My first thought is “Are you kidding me?” These are big-worded, long-sentenced quotes. There is no “Mr. Gorbachev, tear down that wall!”
My daughter Amanda is 13 years old. She has Down syndrome, celiac disease and Type 1diabetes. She required multiple surgeries the first two years of her life including a tracheostomy, a procedure that created a hole from the front of her neck into her windpipe to provide an unobstructed airway. While she is a bit of a “watcher” when facing a new activity, once she feels comfortable she jumps right in. She competes in Special Olympics gymnastics and participates in basketball, kickball, swimming and soccer. She is an altar server at our church. Her medical challenges have not made her into a timid or fragile girl!
However, articulation and voice control are issues for Amanda. Vocal cord damage from her surgery makes it hard for her to speak intelligibly. Public speaking is not something we have ever considered.
I stare at the quotes and think to myself, “She cannot read these words, much less say them out loud.” It would be so easy for me to send a note back saying “This is something Amanda just cannot do at this time.” Her teachers would not question my decision.
I ask myself, “What exactly would she learn from this exercise, really? What harm would it do to keep her safe from the possible teasing of her peers if she stands up in front of the class and cannot be understood? Why put her through the time it would take to practice these words that have little meaning to her, all for something she may not even attempt?”
I glance at my daughter happily eating her after-school snack. I know the assignment is darn near impossible. I also know when she sees all the other students one by one standing at the front of the class reciting their quotes, she is going to want her turn. How can I, an inclusion supporter, take that away? I can’t. So, I attach a new sticky note for the teacher asking if Amanda can do a specific part of one of the quotes. The answer comes back the next day, “That would be fine.”
Homework is a struggle for many families. My friends with typical children lament the time spent daily on school work. They discuss the task-avoidance strategies their young scholars employ. They share the challenge of balancing after-school activities, instruments, tutoring, sports teams and academics. How does anyone manage it all?
When you have a child with significant special needs, work is modified to meet and challenge her at her own level. You walk the fine line of making it doable—but not too easy. You must make it meaningful—but not over her head. You follow the classroom curriculum and try to focus on the concepts that will teach and engage your own child. You want your student to be an active part of the class. But you also have to balance therapies, doctor’s appointments, and all the after-school activities. Life would be so much easier for parents if homework did not exist!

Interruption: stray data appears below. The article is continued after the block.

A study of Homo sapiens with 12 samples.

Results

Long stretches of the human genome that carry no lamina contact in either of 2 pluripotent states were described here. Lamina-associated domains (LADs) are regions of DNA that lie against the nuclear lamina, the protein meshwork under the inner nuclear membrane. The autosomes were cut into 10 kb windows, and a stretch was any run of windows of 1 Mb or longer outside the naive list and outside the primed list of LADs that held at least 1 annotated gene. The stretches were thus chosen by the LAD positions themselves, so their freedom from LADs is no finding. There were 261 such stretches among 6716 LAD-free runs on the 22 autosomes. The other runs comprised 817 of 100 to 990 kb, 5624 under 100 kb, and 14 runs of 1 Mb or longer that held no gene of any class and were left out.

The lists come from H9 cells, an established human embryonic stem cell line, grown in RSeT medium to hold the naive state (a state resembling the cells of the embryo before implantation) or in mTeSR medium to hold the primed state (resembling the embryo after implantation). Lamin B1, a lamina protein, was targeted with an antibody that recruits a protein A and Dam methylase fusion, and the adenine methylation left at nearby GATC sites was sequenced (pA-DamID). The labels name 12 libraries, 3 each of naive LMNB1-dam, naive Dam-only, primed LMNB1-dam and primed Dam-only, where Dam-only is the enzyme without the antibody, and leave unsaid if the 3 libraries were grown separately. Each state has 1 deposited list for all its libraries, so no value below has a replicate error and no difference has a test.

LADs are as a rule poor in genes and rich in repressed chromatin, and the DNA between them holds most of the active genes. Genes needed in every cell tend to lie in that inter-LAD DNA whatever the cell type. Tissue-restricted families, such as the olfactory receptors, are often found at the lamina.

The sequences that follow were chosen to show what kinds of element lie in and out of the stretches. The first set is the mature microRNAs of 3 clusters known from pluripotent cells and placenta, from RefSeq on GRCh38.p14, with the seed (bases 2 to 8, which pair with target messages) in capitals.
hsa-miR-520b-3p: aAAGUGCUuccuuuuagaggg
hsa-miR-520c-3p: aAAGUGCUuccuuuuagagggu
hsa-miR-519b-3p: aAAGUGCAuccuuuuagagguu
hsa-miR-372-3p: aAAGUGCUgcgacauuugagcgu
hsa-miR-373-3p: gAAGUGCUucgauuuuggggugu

Amanda and I spend the next few days after school practicing her mini quote. There are two words that are a bit tricky, so we practice slowly. We both tap the syllables out on our laps as we say them, to enunciate and articulate clearly. I make sure she does not get sloppy saying the words she knows. Amanda willingly practices. We take turns standing up and saying the quote, clapping for each other when we finish. The day of the speech arrives and she is as ready as she will ever be. We practice one more time after breakfast, and then off to school she goes.
I know Amanda has probably practiced more than any other student. I wonder if I have made a big deal out of something that really does not matter. I worry that she will not even get up in front of the class and try. Then I worry that she will get up in front of the class but will speak so quickly that no one will understand a word she says. I pray the children in her class will not laugh—or worse, there will not be an uncomfortable silence when she finishes. I want to drive to the school and make up some silly excuse to take her out early so she misses the part of day for the speech. OK, I don’t think about that one too hard but it crosses my mind briefly. It is going to be a very long day.
Around lunch time I check my phone for email and there is a message from Amanda’s teacher. The subject line is “The Speech.” I am afraid to look. I hold my breath and click the message. I read: “Well, we weren’t sure if she would actually get up and do it, but she did! She did a wonderful job and everyone applauded her speech. Thanks for the practicing at home!”
Here’s what I learned: I should never underestimate my daughter, even when a task appears to be too difficult for her. She doesn’t have preconceptions about what she can or can’t do. What she knows is she had a quote just like everyone else in her sixth-grade class. She waited her turn, just like everyone else. She walked to the front of the class, just like everyone else. She read her quote, just like everyone else.
This is what she said: “We hold these truths to be self-evident, that all men are created equal.” And that was just enough! ■
Deborah Cavanagh lives in Manlius with her husband and two children. She has written for local organizations supporting children and adults with special needs and publishes the blog www.momofmanyneeds.com.